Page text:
The Federal Circuit today issued a key biotechnology opinion, holding that isolated human DNA sequences are patentable subject matter under 35 U.S.C. § 101. Ass’n for Molecular Pathology v. USPTO, No. 2010-1406 (July 29, 2011).

The opinion was a panel decision written by Judge Lourie. The underlying subject matter involved compound claims to isolated human DNA related to the BRCA pair genes. BRCA mutations are implicated in the increased risk of breast and ovarian cancer.

The panel held that complementary DNA (cDNA) sequences are patentable subject matter under 35 U.S.C. § 101. In particular, cDNA is synthesized as complementary to messenger RNA (mRNA) and does not contain the introns found in naturally occurring gene sequences. Therefore, cDNA does not exist in nature.

The panel split on whether isolated DNA sequences identical to naturally-occurring sequences, such as the whole gene, are patent-eligible. Judge Lourie reasoned that isolated DNA is per se patent eligible subject matter, because human intervention in cleaving or synthesizing a portion of a native chromosomal DNA imparts on isolated DNA a distinctive chemical identity from that possessed by native DNA. Judge Moore concurred in the result but for different reasons; in her view, shorter sequences are patentable because they have expanded utility compared to the natural sequence. Regarding longer sequences as more problematic because they do not have any new and different utility from the naturally occurring sequence, Judge Moore nonetheless regarded them as patentable out of deference to people’s settled expectations. Judge Bryson, in dissent, would have held that “the isolation of the naturally occurring genetic material does not make the claims to the isolated BRCA genes patent-eligible.”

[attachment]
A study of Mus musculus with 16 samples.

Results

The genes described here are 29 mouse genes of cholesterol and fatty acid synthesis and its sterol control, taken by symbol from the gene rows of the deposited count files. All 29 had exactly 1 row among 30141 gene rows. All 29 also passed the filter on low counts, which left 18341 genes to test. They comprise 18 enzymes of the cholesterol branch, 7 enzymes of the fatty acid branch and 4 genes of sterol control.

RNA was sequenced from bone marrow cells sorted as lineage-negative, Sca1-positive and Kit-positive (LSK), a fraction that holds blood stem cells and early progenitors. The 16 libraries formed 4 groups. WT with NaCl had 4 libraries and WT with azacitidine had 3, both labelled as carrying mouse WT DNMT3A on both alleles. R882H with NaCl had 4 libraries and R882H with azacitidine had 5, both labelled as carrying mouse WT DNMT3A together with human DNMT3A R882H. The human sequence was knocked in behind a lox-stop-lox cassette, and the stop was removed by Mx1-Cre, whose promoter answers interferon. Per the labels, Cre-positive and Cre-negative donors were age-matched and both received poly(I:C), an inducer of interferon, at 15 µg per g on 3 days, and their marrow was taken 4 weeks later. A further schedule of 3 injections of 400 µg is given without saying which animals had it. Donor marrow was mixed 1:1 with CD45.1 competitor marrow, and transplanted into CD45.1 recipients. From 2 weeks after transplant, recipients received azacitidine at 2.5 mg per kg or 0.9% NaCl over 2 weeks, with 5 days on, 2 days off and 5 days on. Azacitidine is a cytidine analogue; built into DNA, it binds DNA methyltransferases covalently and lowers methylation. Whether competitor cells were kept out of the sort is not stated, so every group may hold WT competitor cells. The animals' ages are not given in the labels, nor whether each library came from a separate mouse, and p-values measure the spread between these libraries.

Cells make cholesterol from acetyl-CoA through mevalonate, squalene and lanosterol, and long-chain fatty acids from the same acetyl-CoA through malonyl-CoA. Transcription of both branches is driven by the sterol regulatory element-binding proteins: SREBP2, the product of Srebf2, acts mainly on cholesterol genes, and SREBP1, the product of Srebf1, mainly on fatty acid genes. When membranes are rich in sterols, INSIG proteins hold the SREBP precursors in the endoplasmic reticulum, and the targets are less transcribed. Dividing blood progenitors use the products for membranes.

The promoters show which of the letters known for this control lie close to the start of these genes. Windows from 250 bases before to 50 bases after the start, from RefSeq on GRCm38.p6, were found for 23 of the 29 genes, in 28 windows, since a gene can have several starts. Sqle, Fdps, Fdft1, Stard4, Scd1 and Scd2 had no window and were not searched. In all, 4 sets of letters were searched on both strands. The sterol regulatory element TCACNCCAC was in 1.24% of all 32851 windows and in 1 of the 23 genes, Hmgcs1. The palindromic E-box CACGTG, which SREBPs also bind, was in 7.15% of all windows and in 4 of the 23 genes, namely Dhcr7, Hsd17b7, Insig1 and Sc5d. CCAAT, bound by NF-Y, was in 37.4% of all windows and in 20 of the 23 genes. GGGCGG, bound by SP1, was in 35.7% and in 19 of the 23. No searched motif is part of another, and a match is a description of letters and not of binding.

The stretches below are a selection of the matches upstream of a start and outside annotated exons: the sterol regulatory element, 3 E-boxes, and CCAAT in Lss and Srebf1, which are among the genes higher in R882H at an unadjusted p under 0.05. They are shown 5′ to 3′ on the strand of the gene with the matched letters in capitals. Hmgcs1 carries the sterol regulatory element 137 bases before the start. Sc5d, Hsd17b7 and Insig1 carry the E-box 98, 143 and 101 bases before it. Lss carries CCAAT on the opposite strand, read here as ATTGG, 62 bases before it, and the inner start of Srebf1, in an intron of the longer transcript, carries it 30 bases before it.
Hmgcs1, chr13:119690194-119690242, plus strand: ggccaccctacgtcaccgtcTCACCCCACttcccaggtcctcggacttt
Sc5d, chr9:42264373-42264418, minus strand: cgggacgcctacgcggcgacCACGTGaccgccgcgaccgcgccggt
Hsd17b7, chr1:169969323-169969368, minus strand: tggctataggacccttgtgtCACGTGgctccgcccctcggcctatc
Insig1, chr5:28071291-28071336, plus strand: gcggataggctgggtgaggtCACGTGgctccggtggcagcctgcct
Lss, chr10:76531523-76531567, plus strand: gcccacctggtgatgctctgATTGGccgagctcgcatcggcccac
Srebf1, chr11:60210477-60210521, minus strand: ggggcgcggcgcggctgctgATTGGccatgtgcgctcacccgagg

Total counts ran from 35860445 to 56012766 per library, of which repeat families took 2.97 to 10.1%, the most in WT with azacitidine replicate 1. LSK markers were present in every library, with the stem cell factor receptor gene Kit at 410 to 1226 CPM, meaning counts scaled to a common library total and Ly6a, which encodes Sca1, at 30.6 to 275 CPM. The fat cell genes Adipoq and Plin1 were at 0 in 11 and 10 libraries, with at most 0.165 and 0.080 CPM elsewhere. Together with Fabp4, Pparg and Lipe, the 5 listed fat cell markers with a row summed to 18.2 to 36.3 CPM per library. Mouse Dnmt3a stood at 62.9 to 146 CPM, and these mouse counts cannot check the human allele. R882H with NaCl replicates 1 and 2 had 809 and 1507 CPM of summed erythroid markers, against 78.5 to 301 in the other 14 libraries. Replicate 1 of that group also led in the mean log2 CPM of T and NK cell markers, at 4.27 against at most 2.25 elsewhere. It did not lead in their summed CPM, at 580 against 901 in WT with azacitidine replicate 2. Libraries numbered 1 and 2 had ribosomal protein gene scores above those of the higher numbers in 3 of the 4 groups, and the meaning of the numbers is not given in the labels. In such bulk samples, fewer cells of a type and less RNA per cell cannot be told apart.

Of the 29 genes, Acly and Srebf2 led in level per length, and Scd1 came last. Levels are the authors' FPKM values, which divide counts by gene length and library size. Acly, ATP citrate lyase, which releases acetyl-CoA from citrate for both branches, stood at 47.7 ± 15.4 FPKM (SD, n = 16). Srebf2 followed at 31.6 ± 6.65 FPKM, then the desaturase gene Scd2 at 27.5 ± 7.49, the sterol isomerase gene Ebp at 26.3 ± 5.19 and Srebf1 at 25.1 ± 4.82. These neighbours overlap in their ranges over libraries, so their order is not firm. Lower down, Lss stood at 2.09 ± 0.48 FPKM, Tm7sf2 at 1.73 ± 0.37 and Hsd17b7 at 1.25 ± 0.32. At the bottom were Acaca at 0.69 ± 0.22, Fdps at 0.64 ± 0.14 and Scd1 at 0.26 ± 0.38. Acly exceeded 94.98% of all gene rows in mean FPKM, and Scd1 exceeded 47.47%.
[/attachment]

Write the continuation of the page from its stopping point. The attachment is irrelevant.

The panel held as invalid method claims that involved comparing a patient’s BRCA sequence with the naturally-occurring sequence to identify the presence of cancer-predisposing mutations. These claims were viewed as pure mental steps or abstract ideas (the only step was “comparing” or “analyzing”) and as failing the machine or transformation-step test. On the other hand, a method claim to screening potential cancer therapeutics via changes in cell growth rates was held to be patentable.

Finally, the court held that all but one of the declaratory judgment plaintiffs lacked standing because they had not suffered any constitutional injury-in-fact.